Piece at Samizdata about the diagnosis/treatment imbalance in the NHS

Not much here today, what with yesterday’s dramas, but I have just ripped off a Samizdata piece, based on my recent medical experiences, entitled On the British National Health Service imbalance between lethargic diagnosis and really rather good actual treatment of serious medical conditions.

It features a link to this mighty beast:

That’s “Brunel”. Brunel has been giving me my first actual doses of cancer treatment, the third dose having been this afternoon. Two more, tomorrow and on the 31st. These treatments have been merely defensive, to stop my spine being damaged by the lung cancer tumor. Next week, if all proceeds as I hope, the actual attack on the tumor and on its spreading consequences will get under way.

2 thoughts on “Piece at Samizdata about the diagnosis/treatment imbalance in the NHS”

  1. Your experience with paying for more rapid diagnosis than the NHS could provide was similar to my father’s experience way back in 2003. He had various symptoms and was booked in for a NHS MRI scan — to be done many months in the future. However, it became clear that his symptoms were getting worse and eventually he paid for a privately done MRI scan. This showed a brain tumour. This allowed the NHS to begin treatment much sooner that would otherwise have been the case.

  2. Mark

    So many people have confirmed this distinction to me in recent days. That being why I made it my first Samizata posting since I got my bad news.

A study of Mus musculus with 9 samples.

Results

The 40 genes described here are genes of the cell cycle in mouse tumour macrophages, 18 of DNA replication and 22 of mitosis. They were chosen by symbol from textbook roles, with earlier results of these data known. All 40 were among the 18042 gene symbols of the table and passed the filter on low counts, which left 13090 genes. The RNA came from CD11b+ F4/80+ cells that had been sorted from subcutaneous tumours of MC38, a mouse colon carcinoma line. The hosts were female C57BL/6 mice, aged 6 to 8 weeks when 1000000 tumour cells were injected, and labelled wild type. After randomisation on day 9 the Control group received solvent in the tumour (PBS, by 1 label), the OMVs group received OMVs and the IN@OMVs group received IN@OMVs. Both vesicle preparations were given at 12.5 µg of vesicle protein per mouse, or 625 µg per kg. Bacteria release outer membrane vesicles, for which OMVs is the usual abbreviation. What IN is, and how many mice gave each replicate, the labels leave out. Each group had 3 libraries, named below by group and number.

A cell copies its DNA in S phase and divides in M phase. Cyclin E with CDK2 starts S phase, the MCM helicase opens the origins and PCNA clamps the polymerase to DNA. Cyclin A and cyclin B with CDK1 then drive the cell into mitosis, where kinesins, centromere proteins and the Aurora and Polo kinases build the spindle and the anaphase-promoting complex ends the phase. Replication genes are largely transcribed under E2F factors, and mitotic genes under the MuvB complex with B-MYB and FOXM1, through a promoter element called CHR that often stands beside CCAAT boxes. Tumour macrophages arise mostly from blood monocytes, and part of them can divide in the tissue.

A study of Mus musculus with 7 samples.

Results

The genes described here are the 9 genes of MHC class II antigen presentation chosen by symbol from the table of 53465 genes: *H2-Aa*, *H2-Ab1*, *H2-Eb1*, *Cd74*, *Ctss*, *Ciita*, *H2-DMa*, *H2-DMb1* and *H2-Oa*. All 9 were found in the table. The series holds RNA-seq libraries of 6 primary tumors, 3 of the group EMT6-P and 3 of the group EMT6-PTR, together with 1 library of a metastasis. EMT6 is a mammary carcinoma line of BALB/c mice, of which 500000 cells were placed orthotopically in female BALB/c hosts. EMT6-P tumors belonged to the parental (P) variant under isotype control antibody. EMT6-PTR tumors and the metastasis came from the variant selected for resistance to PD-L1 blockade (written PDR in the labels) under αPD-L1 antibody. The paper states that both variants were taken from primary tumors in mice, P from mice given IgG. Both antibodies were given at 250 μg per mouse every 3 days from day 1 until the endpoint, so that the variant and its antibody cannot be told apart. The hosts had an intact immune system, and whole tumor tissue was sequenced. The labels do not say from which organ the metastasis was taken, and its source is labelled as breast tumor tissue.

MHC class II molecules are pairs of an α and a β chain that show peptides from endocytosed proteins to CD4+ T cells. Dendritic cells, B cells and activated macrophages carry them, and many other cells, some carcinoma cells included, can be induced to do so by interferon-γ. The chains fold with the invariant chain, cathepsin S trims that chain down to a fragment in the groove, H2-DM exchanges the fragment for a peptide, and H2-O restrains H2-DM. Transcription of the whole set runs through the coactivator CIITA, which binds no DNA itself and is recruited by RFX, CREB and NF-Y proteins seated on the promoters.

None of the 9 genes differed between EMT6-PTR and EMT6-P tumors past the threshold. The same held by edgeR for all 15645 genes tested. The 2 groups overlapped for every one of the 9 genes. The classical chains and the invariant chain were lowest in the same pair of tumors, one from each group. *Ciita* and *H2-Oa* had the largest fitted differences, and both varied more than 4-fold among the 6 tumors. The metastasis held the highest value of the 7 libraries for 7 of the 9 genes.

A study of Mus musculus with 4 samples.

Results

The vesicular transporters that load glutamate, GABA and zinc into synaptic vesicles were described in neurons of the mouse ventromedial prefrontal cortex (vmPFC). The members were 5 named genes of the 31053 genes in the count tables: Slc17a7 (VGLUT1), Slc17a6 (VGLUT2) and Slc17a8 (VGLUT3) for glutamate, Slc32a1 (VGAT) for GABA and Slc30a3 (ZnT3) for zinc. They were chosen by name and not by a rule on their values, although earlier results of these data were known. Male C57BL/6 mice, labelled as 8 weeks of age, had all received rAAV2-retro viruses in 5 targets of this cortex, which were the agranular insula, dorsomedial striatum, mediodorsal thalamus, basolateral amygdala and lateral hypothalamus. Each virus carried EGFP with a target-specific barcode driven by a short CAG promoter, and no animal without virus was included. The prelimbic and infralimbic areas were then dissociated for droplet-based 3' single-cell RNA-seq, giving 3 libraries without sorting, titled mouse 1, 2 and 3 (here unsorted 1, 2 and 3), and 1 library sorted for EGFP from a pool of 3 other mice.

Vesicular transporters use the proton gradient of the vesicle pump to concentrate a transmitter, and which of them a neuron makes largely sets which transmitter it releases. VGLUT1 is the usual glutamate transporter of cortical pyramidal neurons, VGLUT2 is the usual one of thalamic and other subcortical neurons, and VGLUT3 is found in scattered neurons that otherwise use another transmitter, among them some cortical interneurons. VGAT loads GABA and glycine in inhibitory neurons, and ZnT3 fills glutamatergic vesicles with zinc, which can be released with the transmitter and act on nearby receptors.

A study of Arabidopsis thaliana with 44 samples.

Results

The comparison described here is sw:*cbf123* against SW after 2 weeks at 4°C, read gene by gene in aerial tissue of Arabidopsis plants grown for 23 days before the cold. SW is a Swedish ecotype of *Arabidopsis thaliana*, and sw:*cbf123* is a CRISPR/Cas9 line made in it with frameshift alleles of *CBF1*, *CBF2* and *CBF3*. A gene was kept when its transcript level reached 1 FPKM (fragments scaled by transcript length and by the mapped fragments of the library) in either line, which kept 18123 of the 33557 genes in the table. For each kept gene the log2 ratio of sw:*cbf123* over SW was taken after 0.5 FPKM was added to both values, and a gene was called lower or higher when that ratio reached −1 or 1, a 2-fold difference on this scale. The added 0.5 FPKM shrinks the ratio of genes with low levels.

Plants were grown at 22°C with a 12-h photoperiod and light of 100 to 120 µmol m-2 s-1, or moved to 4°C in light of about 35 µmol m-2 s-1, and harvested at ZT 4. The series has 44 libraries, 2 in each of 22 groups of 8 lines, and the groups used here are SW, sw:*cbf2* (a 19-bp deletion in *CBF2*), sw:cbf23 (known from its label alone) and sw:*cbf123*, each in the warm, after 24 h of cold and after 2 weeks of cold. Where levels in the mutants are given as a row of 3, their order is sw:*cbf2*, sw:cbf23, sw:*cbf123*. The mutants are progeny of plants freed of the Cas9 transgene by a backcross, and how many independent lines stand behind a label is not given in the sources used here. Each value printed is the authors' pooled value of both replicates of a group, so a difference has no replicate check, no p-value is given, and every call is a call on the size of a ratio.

The way some have put it to me is that when doctors are dealing with a known condition, they are in their comfort zone. Their basic model is that the human body is a machine. When the machine gets damaged, they are the mechanics who know just what to do, and they do it, with a sense of heroic certainty. They rebuild your leg. They dose your body with the necessary corrective drug, as if adding oil to an overheating car engine . Or, as with me, they put the machine that is me onto another machine. I for one am glad of all this confidence and competence, and regret only that I am not getting even more of it, such as there will surely be in the future. The body is a machine. It’s a great truth.

    But, it is not the whole truth. When this only metaphorical machine is not malfunctioning in any obvious and serious way, then the machine metaphor stops working, and all that holistic, airy-fairy stuff about wellness and positive mental attitude and spiritual cleanliness etc. etc. comes into play. At which point they flounder around, knowing no more than the rest of us about what they should then be doing.